A Day in the Life
Frank Romano isn't shy. In fact, Rochester Institute of Technology's chairman of the School of Printing has never been hesitant about putting speeches where his beliefs are. And at BookTech's 2002 conference and expo, he was true to form.
During the show's keynote address, Romano argued the provocative case between Random House and RosettaBooks, first as a signal that digital content is becoming increasingly popular, and second, as a way to compare print with e-media.
"What's the difference between an e-book and an e-magazine?" Romano asked. "They're both packaged information delivered in some form to you. A Web site is just as much an e-book as anything else."
With an allegiance to print, Romano barked about the benefits of bolstering print with the power of "e," especially since book printing accounts for less than 10 percent of printed material in general. He equated the art of digital investments to that of dinosaurs and lemmings—sluggish publishers are in danger of becoming extinct, whereas others leap without looking. As a result, he advocated the importance of honing technology that will inevitably suit the needs of its modern users.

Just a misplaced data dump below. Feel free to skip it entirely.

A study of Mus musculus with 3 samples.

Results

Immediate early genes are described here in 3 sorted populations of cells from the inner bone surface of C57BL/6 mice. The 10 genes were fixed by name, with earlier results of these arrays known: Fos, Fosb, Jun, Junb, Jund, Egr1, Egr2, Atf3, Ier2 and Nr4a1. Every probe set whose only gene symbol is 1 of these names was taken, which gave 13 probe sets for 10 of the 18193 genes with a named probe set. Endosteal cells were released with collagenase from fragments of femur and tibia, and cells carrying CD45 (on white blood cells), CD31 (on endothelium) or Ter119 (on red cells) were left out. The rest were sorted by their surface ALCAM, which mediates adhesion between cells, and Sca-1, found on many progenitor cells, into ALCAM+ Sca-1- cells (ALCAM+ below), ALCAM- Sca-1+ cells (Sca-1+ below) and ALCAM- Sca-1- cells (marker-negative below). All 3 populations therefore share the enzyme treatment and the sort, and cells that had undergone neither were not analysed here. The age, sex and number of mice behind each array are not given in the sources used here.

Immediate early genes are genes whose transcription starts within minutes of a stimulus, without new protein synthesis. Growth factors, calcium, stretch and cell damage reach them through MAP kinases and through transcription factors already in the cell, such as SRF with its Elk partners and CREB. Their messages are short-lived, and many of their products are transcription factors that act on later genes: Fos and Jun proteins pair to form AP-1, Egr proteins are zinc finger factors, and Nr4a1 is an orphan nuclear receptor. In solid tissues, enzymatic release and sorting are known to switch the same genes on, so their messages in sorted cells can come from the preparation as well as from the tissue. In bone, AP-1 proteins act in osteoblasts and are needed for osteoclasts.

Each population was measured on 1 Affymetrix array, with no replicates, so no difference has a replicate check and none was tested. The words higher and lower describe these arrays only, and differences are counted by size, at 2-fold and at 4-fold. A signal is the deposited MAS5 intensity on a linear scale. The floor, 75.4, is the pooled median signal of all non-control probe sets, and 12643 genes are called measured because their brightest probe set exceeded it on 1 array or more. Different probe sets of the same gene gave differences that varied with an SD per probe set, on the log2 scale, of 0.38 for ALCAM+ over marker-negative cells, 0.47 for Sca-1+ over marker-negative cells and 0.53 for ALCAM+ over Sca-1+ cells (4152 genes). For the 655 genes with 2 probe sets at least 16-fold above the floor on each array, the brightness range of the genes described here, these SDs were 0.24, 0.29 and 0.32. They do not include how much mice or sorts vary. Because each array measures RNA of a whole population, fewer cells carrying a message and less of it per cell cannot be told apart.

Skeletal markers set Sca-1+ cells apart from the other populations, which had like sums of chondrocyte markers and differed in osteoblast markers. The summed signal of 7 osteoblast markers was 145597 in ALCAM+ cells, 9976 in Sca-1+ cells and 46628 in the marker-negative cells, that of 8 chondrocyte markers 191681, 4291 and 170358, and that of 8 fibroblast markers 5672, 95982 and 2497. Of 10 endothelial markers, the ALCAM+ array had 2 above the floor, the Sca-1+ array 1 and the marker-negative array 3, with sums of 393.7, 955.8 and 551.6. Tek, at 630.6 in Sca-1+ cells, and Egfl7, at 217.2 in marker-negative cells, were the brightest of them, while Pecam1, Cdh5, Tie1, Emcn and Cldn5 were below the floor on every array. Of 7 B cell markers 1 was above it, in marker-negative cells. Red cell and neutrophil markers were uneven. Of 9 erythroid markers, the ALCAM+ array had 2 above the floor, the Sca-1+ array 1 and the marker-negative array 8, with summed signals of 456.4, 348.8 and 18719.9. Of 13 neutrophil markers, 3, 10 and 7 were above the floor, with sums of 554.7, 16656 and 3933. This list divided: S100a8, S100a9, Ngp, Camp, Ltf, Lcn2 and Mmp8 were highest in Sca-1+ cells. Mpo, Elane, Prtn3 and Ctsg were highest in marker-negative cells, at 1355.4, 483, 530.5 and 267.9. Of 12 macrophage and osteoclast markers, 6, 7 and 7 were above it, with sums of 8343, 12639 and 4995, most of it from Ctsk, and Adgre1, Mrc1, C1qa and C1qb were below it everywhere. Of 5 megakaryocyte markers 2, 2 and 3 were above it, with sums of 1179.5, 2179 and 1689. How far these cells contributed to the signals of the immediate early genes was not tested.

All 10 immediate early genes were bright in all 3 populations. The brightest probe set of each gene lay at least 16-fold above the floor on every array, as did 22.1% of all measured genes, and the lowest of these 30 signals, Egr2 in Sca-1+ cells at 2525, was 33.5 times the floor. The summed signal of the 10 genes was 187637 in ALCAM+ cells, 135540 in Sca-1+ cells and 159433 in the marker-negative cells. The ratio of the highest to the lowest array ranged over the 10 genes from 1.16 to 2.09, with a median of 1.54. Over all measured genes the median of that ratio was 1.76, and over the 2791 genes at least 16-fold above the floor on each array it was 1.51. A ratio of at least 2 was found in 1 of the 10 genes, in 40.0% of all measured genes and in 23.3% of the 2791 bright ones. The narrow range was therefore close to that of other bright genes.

"Is it the death of text?" he asked. Hardly. In fact, according to Romano, "e-books will not replace printed books." Instead, he predicted that if used effectively, digitization of text can fuel the print market by using Web sites to successfully sell books via print-on-demand (POD)—paper and all.
ROI in the house
But what should a publisher do once it is in possession of digital content? John Jebens, solutions team manager for WAM!NET (www.wam!net.com), made the case for digital asset management. He explained that while outsourcing may work in many publishing environments, it's not a solution for everyone. Instead, Jebens explained that managing content in-house can save money, especially in the case of second and third editions of textbooks that require redesigns.